AOL EWL: low complaints no longer enough


This morning AOL announced some changes to their Enhanced White List. Given I’ve not talked very much about the AOL EWL in the past, this is as good a time as any to talk about it.
The AOL Enhanced Whitelist is for those senders that have very good practices. Senders on the EWL not only get their mail delivered to the inbox, but also have links and images enabled by default. Placement on the EWL is done solely on the basis of mail performance and only the best senders get on the list.
The new announcement this morning says that AOL will take more into account than just complaints. Previously, senders with the lowest complaint rates qualified for the EWL. Now, senders must also have a good reputation in addition to the low complaint rates. Good reputation is a measure of user engagement with a particular sender.
This change only reinforces what I and many other delivery experts have been saying: The secret to good delivery is to send mail recipients want. ISPs are making delivery decisions based on those measurements. Send mail that recipients want, and there are few delivery problems.
For a long time good delivery was tied closely to complaint rates, so senders focused on complaints. Spammers focused on complaints too, thus managing to actually get some of their spam delivered. ISPs noticed and started looking at other ways to distinguish wanted mail from spam. One of the better ways to separate spam from wanted mail is to look at user engagement. And the ISPs are measuring engagement and using that measurement as part of their decision making process. Send so much mail users don’t read it, and your reputation goes down followed by your delivery rates.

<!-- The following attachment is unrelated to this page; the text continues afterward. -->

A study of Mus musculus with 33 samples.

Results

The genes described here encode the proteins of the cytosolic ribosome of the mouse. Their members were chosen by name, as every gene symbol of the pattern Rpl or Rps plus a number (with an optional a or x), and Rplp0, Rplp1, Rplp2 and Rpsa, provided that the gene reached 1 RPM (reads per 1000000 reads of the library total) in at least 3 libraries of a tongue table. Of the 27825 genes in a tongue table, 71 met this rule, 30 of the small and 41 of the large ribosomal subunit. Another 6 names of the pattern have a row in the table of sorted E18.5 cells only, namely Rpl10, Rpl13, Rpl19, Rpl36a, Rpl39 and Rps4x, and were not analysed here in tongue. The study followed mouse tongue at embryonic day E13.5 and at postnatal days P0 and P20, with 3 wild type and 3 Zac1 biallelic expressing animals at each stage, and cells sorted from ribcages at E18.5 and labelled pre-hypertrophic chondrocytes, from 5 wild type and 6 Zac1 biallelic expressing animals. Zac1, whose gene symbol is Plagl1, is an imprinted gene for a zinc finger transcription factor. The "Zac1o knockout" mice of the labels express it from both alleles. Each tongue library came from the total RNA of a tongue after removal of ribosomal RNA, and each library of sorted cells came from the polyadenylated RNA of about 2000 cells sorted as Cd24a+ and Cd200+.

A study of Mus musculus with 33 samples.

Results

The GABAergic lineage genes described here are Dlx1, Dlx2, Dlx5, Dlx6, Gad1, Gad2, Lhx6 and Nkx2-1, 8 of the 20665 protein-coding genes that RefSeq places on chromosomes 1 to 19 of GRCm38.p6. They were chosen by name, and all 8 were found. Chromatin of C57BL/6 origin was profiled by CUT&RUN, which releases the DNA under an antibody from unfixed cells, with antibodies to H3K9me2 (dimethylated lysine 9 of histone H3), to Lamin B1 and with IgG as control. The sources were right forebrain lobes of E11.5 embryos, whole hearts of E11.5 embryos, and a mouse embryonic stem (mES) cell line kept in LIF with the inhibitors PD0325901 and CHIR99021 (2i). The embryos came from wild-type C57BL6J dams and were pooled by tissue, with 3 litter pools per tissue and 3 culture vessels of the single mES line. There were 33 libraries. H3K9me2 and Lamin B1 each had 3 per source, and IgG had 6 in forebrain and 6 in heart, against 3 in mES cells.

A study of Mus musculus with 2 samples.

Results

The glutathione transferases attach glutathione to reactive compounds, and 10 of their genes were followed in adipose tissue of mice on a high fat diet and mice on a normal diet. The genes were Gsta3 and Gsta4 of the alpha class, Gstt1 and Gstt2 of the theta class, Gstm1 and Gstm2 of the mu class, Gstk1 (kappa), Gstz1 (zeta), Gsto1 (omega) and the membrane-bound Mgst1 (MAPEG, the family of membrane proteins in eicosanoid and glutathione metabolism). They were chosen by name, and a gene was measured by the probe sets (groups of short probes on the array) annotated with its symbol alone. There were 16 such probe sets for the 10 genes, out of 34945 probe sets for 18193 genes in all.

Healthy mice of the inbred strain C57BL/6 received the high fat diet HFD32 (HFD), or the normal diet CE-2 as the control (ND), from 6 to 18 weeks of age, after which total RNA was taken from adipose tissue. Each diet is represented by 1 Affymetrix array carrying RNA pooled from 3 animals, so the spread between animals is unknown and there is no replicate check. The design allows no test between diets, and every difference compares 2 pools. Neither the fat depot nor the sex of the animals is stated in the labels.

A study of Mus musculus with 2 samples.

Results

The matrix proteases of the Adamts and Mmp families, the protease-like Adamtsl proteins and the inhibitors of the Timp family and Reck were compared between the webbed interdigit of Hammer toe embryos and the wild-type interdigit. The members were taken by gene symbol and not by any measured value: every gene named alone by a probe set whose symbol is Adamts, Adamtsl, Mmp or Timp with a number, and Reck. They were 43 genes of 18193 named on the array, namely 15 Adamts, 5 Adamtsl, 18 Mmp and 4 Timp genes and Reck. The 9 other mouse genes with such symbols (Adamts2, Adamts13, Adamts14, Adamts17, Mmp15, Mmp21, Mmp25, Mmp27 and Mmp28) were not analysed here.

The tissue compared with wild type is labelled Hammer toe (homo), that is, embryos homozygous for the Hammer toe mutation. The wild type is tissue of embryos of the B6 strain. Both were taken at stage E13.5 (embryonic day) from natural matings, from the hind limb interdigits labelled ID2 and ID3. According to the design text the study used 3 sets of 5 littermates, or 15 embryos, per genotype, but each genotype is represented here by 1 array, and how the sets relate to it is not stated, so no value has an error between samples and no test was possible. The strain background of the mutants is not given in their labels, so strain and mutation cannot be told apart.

Great post, it really hit home a point that cannot be stressed enough – that authentication, reputation & compliance are all crucial factors in deliverability, but content integrity and reader engagement should always be at the forefront.

  • I read this on the AOL Postmaster blog as well this morning. I always ask what defines user engagement from ISP to ISP. Obviously, as a sender, you want to provide the best possible content to your users. But inevitably there will be campaigns and emails that just don’t quite live up to what they want. I think it would be interesting to see a comparison (if one were to have the ability to find out this information) of what Yahoo! considers engagement vs. AOL vs. Comcast etc. I think knowing this would help senders provide those who create the emails with better information on when they succeeded/failed.

  • History says that the more information the ISPs share with senders the more the bad guys take advantage. Thus, they’re going to keep the details of how and what they’re measuring quiet. When the ISPs started sharing complaint data what happened was a lot of spammers subverting the data. Some of them even went so far as to register thousands of accounts at the ISPs and hit “this is not spam” when their mail ended up in the bulk folders. Others set up entire fake ESPs to wash lists to clean them.
    I’ve talked a lot about engagement and what senders can do to improve it. You can search through the blog for “engagement.” Two of the more useful posts include:

  • Also, because spammers are always changing, the metrics ISPs use to catch the spam have to change too. Even if you had an accurate checklist of things to avoid today, it’d be outdated tomorrow.

  • I do not have an AOL account but I have been receiving email from someone, who I finally blocked, of very disturbing nature. How do I report this person without having an account?